The mountain gorilla (Gorilla beringei beringei) is the largest of all the gorillas and is the most endangered. The world’s remaining 820 mountain gorillas live in three different countries in Central Africa: Democratic Republic of Congo, Rwanda, and Uganda. Although this makes their range seem large, the mountain gorillas actually inhabit a small geographic area where the borders of these three countries meet. Over half of the world’s mountain gorillas can be found a midst the Virunga chain of volcanoes and the remaining populations live in Uganda’s Bwindi Impenetrable Forest some 75 km to the north.
Unlike their lowland counterparts, the mountain gorillas have long hair, which helps them handle the temperature extremes found at altitude. Mountain gorillas live in large family units led by a single dominant adult male, known as the “Silver-back” — a name derived from the grey hair that develops on male’s back as it reaches adulthood. The Silver-back is responsible for protecting the family from predators or other threats, including solitary Silver-backs intent on claiming females as their own. The dominant Silver-back also takes on the role of mediator when disputes arise in the family. Some families contain more than one Silver-back, but only one is dominant and that male alone is responsible for mating with the adult females of the group.
The sub-adult males of the family are known as “Black-backs”. Adult females are generally half the size of the males and it is their responsibility to initiate mating with the dominant male, as well as care for the infants
Despite all the lore about the ferocity of the mountain gorilla, in general they are very peaceful creatures. Most days are spent foraging for food, playing, and grooming. Aside from mock fighting amongst juveniles, displays of aggression are reserved for challenges to the Silverware dominance or direct threats to the family’s well being.
The mountain gorilla’s fierceness has been seen protecting its young from illegal animal traffickers intent on capturing baby gorillas. For every mountain gorilla baby that is found in the marketplace, an entire family of gorillas has died trying to protect it.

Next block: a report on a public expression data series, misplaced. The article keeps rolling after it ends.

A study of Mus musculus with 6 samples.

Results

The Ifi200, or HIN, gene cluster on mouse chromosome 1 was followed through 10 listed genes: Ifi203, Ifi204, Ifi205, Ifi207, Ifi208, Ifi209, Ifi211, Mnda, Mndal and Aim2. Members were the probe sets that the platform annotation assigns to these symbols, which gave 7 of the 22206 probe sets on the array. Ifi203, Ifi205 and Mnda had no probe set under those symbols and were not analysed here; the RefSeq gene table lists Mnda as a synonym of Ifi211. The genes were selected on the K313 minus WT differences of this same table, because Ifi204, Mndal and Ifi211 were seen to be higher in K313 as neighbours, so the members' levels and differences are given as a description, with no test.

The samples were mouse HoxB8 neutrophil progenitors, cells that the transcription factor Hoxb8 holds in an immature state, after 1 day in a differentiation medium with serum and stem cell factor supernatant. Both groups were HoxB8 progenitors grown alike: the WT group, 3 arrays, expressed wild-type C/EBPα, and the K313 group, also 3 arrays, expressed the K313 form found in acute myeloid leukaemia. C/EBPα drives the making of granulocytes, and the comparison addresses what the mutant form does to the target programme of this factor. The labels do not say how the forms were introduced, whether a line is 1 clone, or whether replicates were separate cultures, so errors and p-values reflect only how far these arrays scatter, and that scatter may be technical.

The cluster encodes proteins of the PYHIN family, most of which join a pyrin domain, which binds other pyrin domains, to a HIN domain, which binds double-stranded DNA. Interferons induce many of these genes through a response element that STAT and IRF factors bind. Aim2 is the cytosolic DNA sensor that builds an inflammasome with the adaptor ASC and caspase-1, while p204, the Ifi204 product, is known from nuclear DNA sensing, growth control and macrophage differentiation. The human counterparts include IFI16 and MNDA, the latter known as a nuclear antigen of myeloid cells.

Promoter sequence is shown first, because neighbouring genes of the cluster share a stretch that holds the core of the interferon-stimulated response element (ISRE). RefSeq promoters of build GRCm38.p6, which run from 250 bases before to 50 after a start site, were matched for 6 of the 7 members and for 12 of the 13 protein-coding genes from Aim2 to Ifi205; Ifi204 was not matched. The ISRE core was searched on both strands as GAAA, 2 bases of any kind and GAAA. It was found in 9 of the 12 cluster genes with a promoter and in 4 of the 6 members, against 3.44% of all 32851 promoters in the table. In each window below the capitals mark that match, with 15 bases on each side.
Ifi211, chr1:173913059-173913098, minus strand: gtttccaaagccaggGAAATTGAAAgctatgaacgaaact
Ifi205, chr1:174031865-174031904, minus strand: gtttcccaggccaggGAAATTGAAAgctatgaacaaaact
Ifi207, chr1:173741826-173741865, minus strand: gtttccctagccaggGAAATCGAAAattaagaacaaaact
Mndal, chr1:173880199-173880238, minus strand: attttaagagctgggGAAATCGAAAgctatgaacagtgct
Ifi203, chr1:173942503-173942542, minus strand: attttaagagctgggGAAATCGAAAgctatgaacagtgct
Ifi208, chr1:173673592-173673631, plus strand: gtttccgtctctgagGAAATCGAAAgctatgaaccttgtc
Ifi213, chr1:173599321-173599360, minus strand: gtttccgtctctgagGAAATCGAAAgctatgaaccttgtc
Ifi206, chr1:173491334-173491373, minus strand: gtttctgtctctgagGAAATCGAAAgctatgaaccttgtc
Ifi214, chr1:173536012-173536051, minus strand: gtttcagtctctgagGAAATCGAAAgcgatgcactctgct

In addition to the threat posed by the illegal animal trade, the major threats to the mountain gorilla’s continued existence are habitat destruction, poaching, human diseases and war and civil unrest. Although Virunga National Park is a UNESCO World Heritage site and the mountain gorilla its “flagship” species, the war raging in eastern Congo since 1994 has rendered this distinction moot. Over 300,000 refugees now inhabit the area just below the park’s southern border. Due to the shattered infrastructure of eastern Congo, these refugees have had no choice but to enter mountain gorilla habitat for fuel and food.
Disease is arguably one of the gravest threats to the mountain gorilla. With people encroaching more and more into gorilla habitat, one of the few remaining ways to protect mountain gorillas is tourism. Unfortunately, tourism brings with it one of the biggest potential threats — disease. Because mountain gorillas share approximately 97% of our DNA, they are susceptible to the same diseases as humans. Unlike humans, however, their resistance is much lower. Sicknesses that the average human can beat with bed rest and antibiotics can prove fatal to the mountain gorilla. More serious outbreaks, such as Ebola or virulent strains of influenza could take the few remaining mountain gorilla populations beyond the point of return. Because of this vulnerability, it is imperative that tourists only visit gorillas when healthy and keep a minimum distance of 25 feet (7 meters) away. In the bigger scheme, the mountain gorilla’s range needs to be expanded to provide discrete populations with the geographic isolation needed to prevent the widespread transmission of disease.
Understanding the nature of mountain gorillas, and the threats they face, is the first step in assuring their preservation.